The “one small step for man” announced by American astronaut Neil Armstrong when he put his foot’s imprint on the moon is the launching pad for a New Jersey State Museum exhibit that commemorates the 50th anniversary of one of the most momentous moments of human exploration: the Apollo 11 moon landing.
The one-chamber exhibit “Many Inspired Steps” uses mainly wall texts — a type of magazine on walls — and several objects involved with the voyage or designed to commemorate it. That includes an actual astronaut spacesuit worn by moonwalker David Scott and some small samples of moon rock.
The moon landing event itself is there thanks to a continuous playing of the landing’s video and the audio of the President Richard Nixon’s congratulatory call to space — recreating what the citizens of earth saw and heard that July 21, 1969, night.
Yet the “steps” involve more than the Apollo 11 voyage and retrace the birth of the space age and the space race between the United States and the Soviet Union.
And the New Jersey State Museum — itself a modern and sleek monument to 1960s design — is a fitting space to express the era’s optimism.
It was one best expressed by President John F. Kennedy, who in 1962 set America’s sights to the heavens and said, “We choose to go to the moon. We choose to go to the moon in this decade and do the other things, not because they are easy, but because they are hard, because that goal will serve to organize and measure the best of our energies and skills, because that challenge is one that we are willing to accept, one we are unwilling to postpone, and one which we intend to win, and the others, too.”
And as history and the exhibition texts make clear, the Soviets dominated the early race.
Here is some of the chronology shared by the museum:
On October 4, 1957, the Soviets’ Sputnik I became the first artificial satellite to orbit planet Earth. The United States followed by sending its own satellite into space on January 31, 1958, after an earlier attempt exploded on the launch pad in December, 1957.
In 1959 a series of American and Soviet spacecraft tested the limits of space travel. The Soviets’ Luna 1 orbited the sun. The American Pioneer 4 came within 37,300 miles of the moon but had a camera failure. But the Soviet Luna 3 successfully captured images of the dark side of the moon.
And then there was the Soviet game-changer on April 12, 1961, when Soviet cosmonaut Yuri Gagarin became the first human being in space. Less than a month later astronaut Alan Shepard became the first American space traveler. And some months later, in February, 1962, John Glenn became the first American to orbit the Earth, followed in June by cosmonaut Valentina Tereshkova becoming the first woman in space.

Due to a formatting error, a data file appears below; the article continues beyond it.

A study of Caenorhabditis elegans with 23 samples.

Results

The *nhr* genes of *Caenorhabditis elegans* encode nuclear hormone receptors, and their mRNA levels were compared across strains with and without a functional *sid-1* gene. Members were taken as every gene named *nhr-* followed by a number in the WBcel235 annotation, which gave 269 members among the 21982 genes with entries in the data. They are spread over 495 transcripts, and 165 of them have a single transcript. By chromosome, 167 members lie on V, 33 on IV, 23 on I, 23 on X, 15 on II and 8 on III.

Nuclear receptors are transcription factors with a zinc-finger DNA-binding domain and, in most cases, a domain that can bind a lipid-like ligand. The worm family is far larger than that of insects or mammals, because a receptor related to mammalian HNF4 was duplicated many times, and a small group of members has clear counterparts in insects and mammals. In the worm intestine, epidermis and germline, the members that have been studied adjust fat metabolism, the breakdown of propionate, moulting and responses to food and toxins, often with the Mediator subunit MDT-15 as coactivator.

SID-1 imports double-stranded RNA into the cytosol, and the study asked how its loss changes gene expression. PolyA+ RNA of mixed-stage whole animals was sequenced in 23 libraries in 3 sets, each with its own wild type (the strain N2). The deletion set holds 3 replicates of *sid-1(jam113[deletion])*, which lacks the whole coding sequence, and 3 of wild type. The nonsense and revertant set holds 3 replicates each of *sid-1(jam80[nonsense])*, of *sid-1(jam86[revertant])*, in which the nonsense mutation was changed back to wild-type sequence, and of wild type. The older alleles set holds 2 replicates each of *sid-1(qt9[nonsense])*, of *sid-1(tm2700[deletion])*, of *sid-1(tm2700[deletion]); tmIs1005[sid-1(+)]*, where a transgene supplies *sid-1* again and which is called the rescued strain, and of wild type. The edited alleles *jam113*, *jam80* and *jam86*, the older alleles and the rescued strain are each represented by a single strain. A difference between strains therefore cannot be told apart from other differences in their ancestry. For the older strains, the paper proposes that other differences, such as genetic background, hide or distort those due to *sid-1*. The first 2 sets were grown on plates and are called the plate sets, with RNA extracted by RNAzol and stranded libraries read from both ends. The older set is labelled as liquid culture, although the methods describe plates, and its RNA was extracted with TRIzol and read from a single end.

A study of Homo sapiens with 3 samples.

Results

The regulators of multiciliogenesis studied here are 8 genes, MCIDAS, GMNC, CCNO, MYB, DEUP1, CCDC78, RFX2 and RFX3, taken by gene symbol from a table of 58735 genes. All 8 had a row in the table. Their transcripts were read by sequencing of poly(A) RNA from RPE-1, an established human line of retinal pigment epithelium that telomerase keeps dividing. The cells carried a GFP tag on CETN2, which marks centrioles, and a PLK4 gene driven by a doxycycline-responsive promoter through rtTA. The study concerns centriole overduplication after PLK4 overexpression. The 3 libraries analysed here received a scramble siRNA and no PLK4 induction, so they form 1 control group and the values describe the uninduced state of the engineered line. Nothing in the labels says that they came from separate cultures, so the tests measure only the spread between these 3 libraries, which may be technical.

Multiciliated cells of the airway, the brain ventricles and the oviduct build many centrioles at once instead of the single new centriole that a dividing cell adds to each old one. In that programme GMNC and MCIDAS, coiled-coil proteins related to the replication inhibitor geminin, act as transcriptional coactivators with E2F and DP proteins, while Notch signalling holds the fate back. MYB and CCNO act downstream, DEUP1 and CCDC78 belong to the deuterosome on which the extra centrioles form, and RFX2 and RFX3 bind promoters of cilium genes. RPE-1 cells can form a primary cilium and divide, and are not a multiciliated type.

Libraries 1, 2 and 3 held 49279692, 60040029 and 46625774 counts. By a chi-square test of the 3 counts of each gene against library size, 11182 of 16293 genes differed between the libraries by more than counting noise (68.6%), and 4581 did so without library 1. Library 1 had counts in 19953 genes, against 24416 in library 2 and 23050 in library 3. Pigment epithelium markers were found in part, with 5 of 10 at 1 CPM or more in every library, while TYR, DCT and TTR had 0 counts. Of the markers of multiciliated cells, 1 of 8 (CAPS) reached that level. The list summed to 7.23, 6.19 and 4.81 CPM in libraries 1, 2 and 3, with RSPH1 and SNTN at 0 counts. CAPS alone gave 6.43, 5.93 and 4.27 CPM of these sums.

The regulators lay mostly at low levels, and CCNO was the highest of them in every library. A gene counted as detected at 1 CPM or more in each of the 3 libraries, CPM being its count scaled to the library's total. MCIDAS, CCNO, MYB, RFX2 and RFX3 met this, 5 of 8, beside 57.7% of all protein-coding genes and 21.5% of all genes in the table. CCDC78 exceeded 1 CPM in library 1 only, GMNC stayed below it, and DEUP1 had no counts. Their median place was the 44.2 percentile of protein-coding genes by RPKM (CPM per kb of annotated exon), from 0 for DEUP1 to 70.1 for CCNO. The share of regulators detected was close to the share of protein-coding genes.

Over the next several years the world witnessed the two super powers introduce space-walking, spacecraft dockings, and the Soviets’ Luna 9 becoming the first spacecraft to land on the moon in 1966. The U.S. followed a few months later.
The world also saw tragedies and casualties. Astronauts Virgil “Gus” Grissom, Edward White, and Roger Chaffee died in a fire during a training mission. And Cosmonaut Vladimir Komarov became the first person to die in space when his craft crashed during its return to earth.
Then after the July, 1968, Apollo 8 mission that took a team of astronauts on a 10-orbit trip around the moon, the United States was ready for the historic 1969 moon landing.
It is here that the exhibition turns itself over to the video that mesmerized the world, Armstrong’s descent from the module to the moon’s surface and his “One Small Step” statement.
Its power was reflected in Nixon’s simple statement: “For every American this has to be the proudest day of our lives. And for people all over the world, I am sure they too join with Americans in recognizing what an immense feat this is. Because of what you have done, the heavens have become a part of man’s world. And as you talk to us from the Sea of Tranquility, it inspires us to redouble our efforts to bring peace and tranquility to Earth. For one priceless moment in the whole history of man, all the people on this Earth are truly one: one in their pride in what you have done, and one in our prayers that you will return safely to Earth.”
The core of the exhibition — 47 panels — was created by Dr. Thomas A. Lesser, former senior lecturer at the American Museum of Natural History’s Hayden Planetarium in New York City, in partnership with Audio Visual Imagineering. That’s an Orlando, Florida-based company specializing in creating laser light shows for planetariums around the world.
The exhibit was made available for free to nonprofits that would print the panels locally.
The New Jersey State Museum version of the exhibition is augmented by New Jersey connections. One is that New Jersey native Buzz Aldrin was one of the Apollo 11 astronauts and, as the second human to walk on the moon, was the subject of a famous photograph taken by the first, Armstrong.
That image is in the exhibit but also reappears in an object: the Trenton-based Lenox China’s commemorative plate uses the image.
Other commemorative Trenton objects include a decorative porcelain moon created by the Cybis Porcelain Company. And there are the miniature New Jersey state flags that were bundled with other state flags, sent to the moon, and handed out to state governors.
And while not connected with the moon landing, there is the space-race Trenton object that blends the romantic idea of a honeymoon with space science, General Porcelain Manufacturing Company’s 1964 model for New Jersey astronaut Walter M. Schirra Jr.’s left hand. It was designed to accommodate his refusal to remove his wedding ring while participating in the Mercury, Gemini, and Apollo programs.
Many Inspired Steps, New Jersey State Museum, 205 West State Street, Trenton. Through November 10. Tuesdays through Sundays, 9 a.m. to 4:45 p.m. Free, donations requested. 609-292-5420 or www.statemuseumnj.gov.